However, in some relief to the firms, the court directed the national auditor to refrain from submitting a final report till the next date of hearing, which is March 19. The court also directed the Delhi government and CAG to file a detailed counter-affidavit against the allegations of the discoms that the order concerning audit is “ultra-vires of the Constitution, CAG Act and the Electricity Act.”
Delhi CM Arvind Kejriwal had called for an audit of the three discoms alleging the trio had in the past manipulated accounts with an intention to hike power tariff. While the discoms have been opposing the audit, CAG had agreed to carry out an audit after receiving a formal request from Delhi’s Lieutenant Governor Najeeb Jung.
The Delhi government, at present, has a 49% stake in these discoms, which is represented by the chief secretary, along with the finance and power secretaries in the boards of Tata Power Delhi Distribution Limited, BSES Rajdhani Power and BSES Yamuna Power.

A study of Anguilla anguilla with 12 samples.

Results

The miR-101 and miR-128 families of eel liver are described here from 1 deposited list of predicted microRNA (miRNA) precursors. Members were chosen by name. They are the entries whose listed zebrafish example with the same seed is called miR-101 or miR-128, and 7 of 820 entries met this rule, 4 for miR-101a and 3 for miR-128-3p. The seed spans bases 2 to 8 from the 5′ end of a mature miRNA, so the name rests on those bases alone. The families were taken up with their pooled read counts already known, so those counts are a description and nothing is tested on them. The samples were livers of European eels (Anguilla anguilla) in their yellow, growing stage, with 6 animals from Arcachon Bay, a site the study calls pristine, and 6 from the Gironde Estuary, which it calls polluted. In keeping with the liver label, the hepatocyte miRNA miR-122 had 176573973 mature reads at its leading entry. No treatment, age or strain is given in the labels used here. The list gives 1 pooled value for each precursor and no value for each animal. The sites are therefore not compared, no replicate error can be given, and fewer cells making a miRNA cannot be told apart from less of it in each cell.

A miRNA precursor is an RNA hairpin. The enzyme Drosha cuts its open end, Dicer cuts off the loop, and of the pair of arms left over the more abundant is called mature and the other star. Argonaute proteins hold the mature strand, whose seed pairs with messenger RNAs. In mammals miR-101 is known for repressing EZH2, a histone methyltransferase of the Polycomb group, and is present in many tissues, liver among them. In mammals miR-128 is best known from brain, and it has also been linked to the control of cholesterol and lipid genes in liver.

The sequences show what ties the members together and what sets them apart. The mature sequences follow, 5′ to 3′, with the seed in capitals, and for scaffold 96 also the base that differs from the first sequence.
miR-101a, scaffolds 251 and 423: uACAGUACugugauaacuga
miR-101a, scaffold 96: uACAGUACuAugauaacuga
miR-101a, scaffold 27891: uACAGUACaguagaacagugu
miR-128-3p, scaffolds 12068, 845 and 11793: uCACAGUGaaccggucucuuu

During the course of the proceedings, counsels appearing on behalf of the discoms told the court that the discoms are private companies in which the Delhi government is a minority shareholder and that it is only the majority shareholder who can make a decision on the choice of the auditor.
On the other hand, senior counsel Prashant Bhushan, appearing on behalf of the government, said that as far back as 2010 the DERC had written to the government, asking them to subject the discoms to a CAG audit. He alleged that the companies were “doubling and tripling” the prices at which they had brought their capital goods from sister companies.